A 2013 internal investigation at LSU accused former coach Les Miles of inappropriate behavior toward female students, but did not find that Miles had sexual relationships with any of the women, according to an investigative report released by the university Thursday.

According to the investigative report, first reported on by USA Today and obtained by ESPN, Miles was accused of contacting female students via Facebook and text, meeting them off campus alone and kissing at least one of them.

According to the report, Miles strongly denied kissing the student and said he didn’t do anything wrong, that he was mentoring young women at the university. Athletic department staff accused Miles of saying that female student employees who helped lure top recruits to the football team “needed to have a certain look,” further implying that meant attractive, blond and fit, according to the report, and if existing student employees didn’t fit that description, they should be given fewer hours or fired.

In a statement provided to ESPN, Miles’ attorney, Peter Ginsberg, said the release of the investigation, which was done by law firm Taylor Porter on behalf of LSU, “should put an end to the baseless, inaccurate media reports that Coach Les Miles engaged in an inappropriate touching of an Athletic Department student volunteer eight years ago.”

“As the Report concludes, the allegation that coach Miles attempted to kiss the woman was supported by no evidence and warranted no discipline: ‘We do not believe under existing law and the terms of the contract there is cause to discipline and/or terminate’ Coach Miles. Coach Miles denied then, as he denies now, that any such conduct occurred.”

Miles’ attorney said a second woman made a similar allegation that was not supported in the findings.

According to the investigative report, that woman’s “demeanor and inconsistent, vague statements are such that she does not appear to be a reliable source of information.” The woman claimed, according to the report, that she was “subjected to an unwanted touching.”

The Taylor Porter investigation determined “we are unable to determine what occurred” in Miles’ car, where the first woman said Miles had kissed her twice.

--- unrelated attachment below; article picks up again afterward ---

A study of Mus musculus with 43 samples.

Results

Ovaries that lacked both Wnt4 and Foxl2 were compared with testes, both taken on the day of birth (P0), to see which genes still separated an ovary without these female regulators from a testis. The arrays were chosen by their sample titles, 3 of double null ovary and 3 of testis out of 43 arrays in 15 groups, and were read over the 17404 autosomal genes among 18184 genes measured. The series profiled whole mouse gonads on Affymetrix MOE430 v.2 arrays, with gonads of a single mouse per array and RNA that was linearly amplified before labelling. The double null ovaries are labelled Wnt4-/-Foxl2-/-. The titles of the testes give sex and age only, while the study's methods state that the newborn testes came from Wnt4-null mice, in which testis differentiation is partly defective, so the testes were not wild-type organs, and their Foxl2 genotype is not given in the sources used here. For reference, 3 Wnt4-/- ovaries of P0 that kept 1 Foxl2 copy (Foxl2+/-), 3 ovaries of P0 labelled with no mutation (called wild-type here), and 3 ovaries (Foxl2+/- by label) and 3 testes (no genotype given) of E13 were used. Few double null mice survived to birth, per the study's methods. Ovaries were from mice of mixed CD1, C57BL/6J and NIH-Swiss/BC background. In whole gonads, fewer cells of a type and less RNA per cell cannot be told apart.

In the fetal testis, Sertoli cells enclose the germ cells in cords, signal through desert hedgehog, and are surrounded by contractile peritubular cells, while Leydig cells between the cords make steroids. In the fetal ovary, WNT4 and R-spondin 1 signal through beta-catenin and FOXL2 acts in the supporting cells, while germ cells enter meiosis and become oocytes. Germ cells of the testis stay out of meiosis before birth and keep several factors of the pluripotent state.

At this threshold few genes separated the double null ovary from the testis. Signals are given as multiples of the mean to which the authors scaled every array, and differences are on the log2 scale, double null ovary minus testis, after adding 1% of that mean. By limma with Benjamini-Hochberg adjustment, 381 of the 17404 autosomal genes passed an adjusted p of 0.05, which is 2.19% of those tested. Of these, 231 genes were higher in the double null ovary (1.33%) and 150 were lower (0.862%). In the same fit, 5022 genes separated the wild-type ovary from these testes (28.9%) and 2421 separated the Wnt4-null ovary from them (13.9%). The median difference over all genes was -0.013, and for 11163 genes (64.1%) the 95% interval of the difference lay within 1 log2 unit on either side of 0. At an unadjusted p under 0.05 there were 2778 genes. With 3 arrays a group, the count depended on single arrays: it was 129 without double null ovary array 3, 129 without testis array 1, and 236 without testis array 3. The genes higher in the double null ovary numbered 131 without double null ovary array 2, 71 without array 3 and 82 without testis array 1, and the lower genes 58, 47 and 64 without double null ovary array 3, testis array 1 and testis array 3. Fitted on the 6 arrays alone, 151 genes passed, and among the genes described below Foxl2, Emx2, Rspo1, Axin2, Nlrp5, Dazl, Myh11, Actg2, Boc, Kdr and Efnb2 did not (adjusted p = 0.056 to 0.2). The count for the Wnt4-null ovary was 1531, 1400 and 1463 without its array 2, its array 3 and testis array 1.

In spite of no verdict about what actually occurred in the car, the report stated “there can be little doubt that the conduct, if true, is inappropriate and unacceptable,” and that even with accepting Miles’ version of what happened, “it appears that he has shown poor judgement in placing himself (and the student employee) in a situation in which the student employee might be uncomfortable and/or he can be subject to such complaint.”

As a result of the investigation, LSU issued Miles a letter of reprimand, and he was ordered to stop hiring student employees to babysit and was not allowed to be alone with them.

The report ultimately determined that “LSU was unable to substantiate any legal violation,” according to a letter from the Taylor Porter law firm to Ginsberg, but “LSU has concluded that Miles engaged in behavior which showed poor judgment.”

Miles, who is now head coach at Kansas, also had to attend eight, one-hour sessions with an attorney and pay for them himself.

A Kansas athletics spokesman told the Lawrence Journal-World that the university was in the process of reviewing the investigative report.

“We are also aware that LSU is issuing an additional report tomorrow (Friday), and we will wait to comment further until we have reviewed both documents,” the spokesman told the Journal-World.

USA Today has reported widespread mishandling of sexual misconduct allegations by LSU’s athletic department and administration. As a result, LSU hired law firm Husch Blackwell in November to audit its handling of dozens of sexual misconduct cases since 2016.

The results of that investigation will be released on Friday.